Buyer behaviour, reason and emotion: why personal value wins!

Buyer behaviour

Buyer behaviour, reason and emotion: why personal value wins!

What has the greatest influence on buyer behaviour?

  • reason, logic and rationality, or
  • emotion

For most low-level purchases, there’s not much contest: the emotions win out every time. We consistently buy things we don’t need and pay premium prices for a range of irrational reasons. Of course, we set to work on rationalising it after the fact – and most of us have more than mastered the art of dubious self-justification – but we know that the emotions – hunger, lust, status anxiety, pride, fear, greed, shame, envy are the real drivers.

Even for more expensive personal purchases, such as houses and cars, we let our emotions win. Whilst car designers spend years developing incremental improvements in power, fuel efficiency, aerodynamics and suspension, most cars are actually bought on the basis of various feel-good attributes linked to carefully crafted brand associations. The advertisers know this of course: when did you last a TV car advert that mentioned any detailed stats?

Are B2B sales any different?

So, are sales in the business world any different?

The assumption is that, in business environments where every dollar has to be accounted for and justified, and where survival, success and promotion depend on buyer behaviour, that people can’t afford to indulge their emotions so much. There has to be a much greater focus on reason and analysis!?

In many situations, this is of course formalised. Procurement processes are defined and buying criteria are dictated and monitored. The emotions have a minimal role, surely!

Well no, not really! Obviously rationality can play a larger role, but the emotions win out more often than not. Formal procurement processes aren’t nearly as formal as they seem, and there is usually significant scope to influence the importance of one issue over another, to filter or ignore some arguments, through the development of personal relationships and – through these – the delivery of personal value.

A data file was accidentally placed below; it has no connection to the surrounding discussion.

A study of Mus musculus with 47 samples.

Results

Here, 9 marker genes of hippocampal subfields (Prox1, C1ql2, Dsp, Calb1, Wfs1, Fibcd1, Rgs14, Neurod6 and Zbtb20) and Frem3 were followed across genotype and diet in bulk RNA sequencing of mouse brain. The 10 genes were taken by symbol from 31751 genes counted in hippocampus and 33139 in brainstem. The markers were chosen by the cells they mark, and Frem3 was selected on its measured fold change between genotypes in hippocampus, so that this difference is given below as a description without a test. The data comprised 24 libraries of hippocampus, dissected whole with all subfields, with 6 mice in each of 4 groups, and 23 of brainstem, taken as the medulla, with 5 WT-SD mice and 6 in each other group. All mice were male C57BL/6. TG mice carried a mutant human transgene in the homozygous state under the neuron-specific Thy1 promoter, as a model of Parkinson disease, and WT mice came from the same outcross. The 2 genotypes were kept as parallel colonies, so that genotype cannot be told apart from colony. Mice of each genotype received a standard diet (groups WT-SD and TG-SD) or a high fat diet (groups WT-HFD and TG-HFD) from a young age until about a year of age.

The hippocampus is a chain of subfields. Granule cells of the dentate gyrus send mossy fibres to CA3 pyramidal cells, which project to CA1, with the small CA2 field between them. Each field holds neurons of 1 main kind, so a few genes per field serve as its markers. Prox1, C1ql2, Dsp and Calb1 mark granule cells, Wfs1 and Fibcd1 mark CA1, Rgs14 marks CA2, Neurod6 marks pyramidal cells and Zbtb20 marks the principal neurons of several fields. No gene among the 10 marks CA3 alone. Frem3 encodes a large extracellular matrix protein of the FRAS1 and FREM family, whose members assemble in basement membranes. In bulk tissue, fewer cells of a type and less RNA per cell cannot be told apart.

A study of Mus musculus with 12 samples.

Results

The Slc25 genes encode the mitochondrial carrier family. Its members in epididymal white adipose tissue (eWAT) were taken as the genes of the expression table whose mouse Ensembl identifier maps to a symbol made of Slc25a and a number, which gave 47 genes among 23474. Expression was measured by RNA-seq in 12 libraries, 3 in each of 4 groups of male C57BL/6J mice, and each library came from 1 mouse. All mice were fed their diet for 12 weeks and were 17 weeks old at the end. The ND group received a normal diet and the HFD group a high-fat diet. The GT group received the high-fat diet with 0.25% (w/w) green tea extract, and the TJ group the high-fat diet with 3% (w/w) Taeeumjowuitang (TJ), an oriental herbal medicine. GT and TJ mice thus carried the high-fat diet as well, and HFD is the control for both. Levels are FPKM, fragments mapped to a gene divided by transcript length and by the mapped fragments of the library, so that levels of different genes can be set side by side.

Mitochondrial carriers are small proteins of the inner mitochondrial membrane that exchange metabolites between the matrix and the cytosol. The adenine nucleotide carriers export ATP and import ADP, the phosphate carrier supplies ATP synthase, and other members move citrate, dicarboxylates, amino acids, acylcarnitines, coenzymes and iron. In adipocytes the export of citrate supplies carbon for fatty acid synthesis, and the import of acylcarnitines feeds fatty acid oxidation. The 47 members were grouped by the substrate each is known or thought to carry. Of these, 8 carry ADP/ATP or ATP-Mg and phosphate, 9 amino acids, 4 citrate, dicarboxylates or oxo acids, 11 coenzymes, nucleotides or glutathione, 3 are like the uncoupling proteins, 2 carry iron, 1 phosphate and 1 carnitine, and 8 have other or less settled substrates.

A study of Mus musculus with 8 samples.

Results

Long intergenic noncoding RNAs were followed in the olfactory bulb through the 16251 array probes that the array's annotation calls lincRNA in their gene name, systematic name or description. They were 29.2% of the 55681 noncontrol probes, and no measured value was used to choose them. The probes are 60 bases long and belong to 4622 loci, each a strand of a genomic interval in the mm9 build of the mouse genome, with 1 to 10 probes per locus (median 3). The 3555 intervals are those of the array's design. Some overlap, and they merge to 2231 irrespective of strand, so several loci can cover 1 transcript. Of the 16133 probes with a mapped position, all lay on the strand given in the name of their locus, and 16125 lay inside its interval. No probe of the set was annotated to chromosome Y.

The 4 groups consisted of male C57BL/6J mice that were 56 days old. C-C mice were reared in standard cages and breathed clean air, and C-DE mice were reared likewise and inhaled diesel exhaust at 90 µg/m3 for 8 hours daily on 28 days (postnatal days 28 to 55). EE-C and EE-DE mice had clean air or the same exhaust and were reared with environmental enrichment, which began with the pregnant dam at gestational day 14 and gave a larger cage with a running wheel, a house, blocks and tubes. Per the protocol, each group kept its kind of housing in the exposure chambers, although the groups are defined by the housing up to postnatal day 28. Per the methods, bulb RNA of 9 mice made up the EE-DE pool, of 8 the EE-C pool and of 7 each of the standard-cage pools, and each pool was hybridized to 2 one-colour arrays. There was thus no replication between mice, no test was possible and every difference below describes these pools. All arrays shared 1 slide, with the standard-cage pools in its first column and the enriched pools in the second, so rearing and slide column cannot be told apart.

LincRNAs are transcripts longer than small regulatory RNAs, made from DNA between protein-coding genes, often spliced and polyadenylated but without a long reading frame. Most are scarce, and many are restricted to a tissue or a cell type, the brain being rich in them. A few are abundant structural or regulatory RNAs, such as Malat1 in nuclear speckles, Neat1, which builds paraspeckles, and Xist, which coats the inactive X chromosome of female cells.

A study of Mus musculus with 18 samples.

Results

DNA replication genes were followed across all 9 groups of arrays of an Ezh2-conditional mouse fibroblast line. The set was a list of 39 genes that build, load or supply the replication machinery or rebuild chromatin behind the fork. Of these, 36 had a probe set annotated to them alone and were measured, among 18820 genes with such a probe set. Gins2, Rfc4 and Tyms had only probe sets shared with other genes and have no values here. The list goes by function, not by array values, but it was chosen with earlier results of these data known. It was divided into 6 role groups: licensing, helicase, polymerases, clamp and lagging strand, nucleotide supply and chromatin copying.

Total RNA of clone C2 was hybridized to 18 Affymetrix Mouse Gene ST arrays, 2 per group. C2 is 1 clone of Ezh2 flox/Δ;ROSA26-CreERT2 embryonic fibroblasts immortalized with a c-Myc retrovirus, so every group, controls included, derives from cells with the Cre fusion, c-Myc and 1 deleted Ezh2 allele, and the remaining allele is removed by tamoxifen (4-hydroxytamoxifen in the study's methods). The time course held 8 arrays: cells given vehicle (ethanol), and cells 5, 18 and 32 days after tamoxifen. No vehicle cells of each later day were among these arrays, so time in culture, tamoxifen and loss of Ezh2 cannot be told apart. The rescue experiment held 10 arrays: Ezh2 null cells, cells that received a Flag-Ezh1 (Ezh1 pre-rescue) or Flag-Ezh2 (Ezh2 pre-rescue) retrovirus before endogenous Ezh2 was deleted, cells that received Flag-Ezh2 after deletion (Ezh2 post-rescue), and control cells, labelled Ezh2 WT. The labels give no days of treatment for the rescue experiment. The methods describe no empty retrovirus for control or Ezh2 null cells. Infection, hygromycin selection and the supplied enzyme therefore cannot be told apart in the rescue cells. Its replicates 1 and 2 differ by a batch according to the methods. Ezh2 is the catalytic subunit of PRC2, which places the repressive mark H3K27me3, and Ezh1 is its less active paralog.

Even in supposedly formal and analytical buying environments, individual buyer brains are hard-wired to respond to emotional triggers:

anxiety in relation to budget management

anxiety/fear in relation to various buying risks

anxiety in relation to peer respect

the desire to add value, to make a difference

aversion to repetitive, safe, processes-driven activity

the desire to build personal relationships

the desire to impress

the desire to reciprocate favours

the desire to feel good about their buying decisios

How many formal tender processes are really dependent on 100% objective rationality? Relatively few. The successful bidders are always the ones that manage to develop a relationship and use that to influence the promotion of one issue over another to justify preference for their offering. Of course there would be an objective rational justification for changing the buying criteria, but rational justifications are easy and can be found anywhere: it is the individual value focus and emotional drivers (often subconscious) that really make a difference to buyer behaviour.

Personal value

To significantly boost their chances of sales success, B2B brands should therefore focus on both building deeper trust-based relationships and delivering personal value – value created for the individual which is personal to them rather than making a difference their business. This might mean the saving of personal time, the promoting of personal status, the reduction of hassle, the reduction of personal risk or simple relationship value and rapport – anything that makes the individual feel good about the buying decision.

It is this personal value that makes individual buyers want to change their buying criteria to favour your offering other that of competitors. It’s the feeling good and want that drives the sale – the rational justifications can come later.

Research by CEB in 2014 found that only 31% of business to business brands provide any personal value, but that when it is present, 71%of buyers who see personal value will purchase a product, and 68% will pay a premium wherever there is personal value.

So it doesn’t matter how analytical the buying process appears or whether the buyer comes armed with their fact-based spreadsheet of competitor comparisons on different criteria, salespeople and organisations that focus on the emotions in buyer behaviour and somehow deliver personal value can dramatically increase their chances of a successful sale.